Four Ways to Get Crossed off the Coach’s List
Academics- A thorough academic history is very helpful in determining the staying power a recruit’s name has on the list. The more prepared academically in regards to fulfilling core course requirements and core GPA and the better the report card the better chance the prospect has to remain on the list. Even if a recruit has struggled in some of the core classes, it does not mean they will be immediately removed. However, if the coach is unable to gain access to proper documentation or notification that a recruit has intentions of improving their academic standing by taking summer school, or through some other means, the student-athlete will not be given the benefit of the doubt. Do not ever hide or hold back the transcript. It is a red flag and can earn your nameplate a spot in the dreaded box of discarded recruits. Even if you are struggling, show the coach you are aware of the problem and have a plan to fix it. Make your academic information easily accessible. This will also give a college coach time to work with a recruit to put a plan together to stay on “the list.”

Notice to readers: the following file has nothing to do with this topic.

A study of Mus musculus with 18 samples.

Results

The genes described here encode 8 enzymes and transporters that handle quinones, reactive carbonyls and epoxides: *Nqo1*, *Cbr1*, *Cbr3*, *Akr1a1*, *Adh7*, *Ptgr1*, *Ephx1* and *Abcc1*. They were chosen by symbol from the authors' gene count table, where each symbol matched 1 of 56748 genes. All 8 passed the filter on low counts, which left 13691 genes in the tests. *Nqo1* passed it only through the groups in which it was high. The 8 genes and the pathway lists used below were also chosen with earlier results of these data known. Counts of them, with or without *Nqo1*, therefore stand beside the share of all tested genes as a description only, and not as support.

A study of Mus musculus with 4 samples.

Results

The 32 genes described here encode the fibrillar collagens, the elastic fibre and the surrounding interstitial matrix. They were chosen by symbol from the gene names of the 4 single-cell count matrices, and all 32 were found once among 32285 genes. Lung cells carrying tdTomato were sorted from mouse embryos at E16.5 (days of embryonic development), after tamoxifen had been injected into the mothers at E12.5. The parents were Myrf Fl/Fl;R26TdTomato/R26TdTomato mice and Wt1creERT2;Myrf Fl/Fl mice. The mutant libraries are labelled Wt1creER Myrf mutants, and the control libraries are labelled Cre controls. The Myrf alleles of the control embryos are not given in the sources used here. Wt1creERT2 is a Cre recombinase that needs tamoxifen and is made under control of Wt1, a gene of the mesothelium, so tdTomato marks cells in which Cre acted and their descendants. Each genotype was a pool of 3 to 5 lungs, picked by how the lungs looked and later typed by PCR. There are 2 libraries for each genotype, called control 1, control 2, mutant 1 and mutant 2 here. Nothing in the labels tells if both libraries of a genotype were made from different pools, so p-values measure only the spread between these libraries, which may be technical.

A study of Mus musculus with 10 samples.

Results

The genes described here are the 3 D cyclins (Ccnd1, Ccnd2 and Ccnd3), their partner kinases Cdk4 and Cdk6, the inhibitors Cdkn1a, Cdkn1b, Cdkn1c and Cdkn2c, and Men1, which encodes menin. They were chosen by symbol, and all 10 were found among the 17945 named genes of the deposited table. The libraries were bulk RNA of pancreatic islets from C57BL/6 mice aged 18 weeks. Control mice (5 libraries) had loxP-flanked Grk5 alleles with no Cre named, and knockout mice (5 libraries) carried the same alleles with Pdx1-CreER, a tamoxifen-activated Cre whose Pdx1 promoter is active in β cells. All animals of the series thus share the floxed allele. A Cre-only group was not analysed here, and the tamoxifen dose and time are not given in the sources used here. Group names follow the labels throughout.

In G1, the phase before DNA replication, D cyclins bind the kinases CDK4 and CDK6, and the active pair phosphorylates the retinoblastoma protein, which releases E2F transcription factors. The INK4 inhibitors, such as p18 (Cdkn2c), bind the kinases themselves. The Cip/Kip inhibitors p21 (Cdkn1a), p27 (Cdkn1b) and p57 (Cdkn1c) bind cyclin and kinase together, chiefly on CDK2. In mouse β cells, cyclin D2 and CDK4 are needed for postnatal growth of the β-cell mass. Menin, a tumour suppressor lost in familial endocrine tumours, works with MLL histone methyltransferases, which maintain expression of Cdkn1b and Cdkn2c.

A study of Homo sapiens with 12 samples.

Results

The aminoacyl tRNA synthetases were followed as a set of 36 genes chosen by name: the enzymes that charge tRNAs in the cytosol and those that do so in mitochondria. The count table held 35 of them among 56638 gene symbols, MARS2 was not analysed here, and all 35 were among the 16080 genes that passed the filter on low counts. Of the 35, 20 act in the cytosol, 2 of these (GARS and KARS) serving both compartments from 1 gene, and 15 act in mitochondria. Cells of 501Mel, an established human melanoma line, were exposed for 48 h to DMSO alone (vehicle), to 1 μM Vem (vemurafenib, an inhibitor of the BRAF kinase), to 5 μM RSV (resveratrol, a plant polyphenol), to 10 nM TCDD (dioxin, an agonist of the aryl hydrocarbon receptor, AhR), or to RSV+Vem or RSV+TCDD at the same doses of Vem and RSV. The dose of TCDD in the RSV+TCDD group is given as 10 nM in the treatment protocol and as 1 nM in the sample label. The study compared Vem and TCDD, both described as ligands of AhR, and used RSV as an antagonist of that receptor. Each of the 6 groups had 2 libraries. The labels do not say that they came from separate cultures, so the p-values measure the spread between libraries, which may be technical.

Evaluation - Of course a significant portion of the decision to keep or remove a prospects name from the list hinges on the recruits athletic ability. With that in mind, make sure to have a quality highlight tape and at least one full game tape available for all coaches (college coaches watch highlight tapes to decide if they want to watch a game tape!) This film provides the area coach ammunition to defend an athlete’s place on the list. Without the film, a recruit is far more likely to be removed.
3rd Party Evaluations- An evaluation by a trusted third party can go a long way towards keeping a prospect’s name on the board, because it serves as a reference. Again, as an area coach puts his initial list together to bring before the rest of the staff, he is basically gathering evidence to state his case. This third party evaluation can add to the support and help the area coach defend the prospect.
Parents! - Believe it or not, a parent can be a main reason for a prospect getting dropped from the list. I recall one year that we were recruiting a top player when we received a comment from the high school coach that the father might be a problem. Apparently the father was questioning coaching, challenging the conditioning, complaining to other parents, etc. We watched the father (almost as closely as the athlete) and ended up removing the recruit from the list because of the father’s actions.
Editor’s Note: Thank you to the NCSA for this valuable article.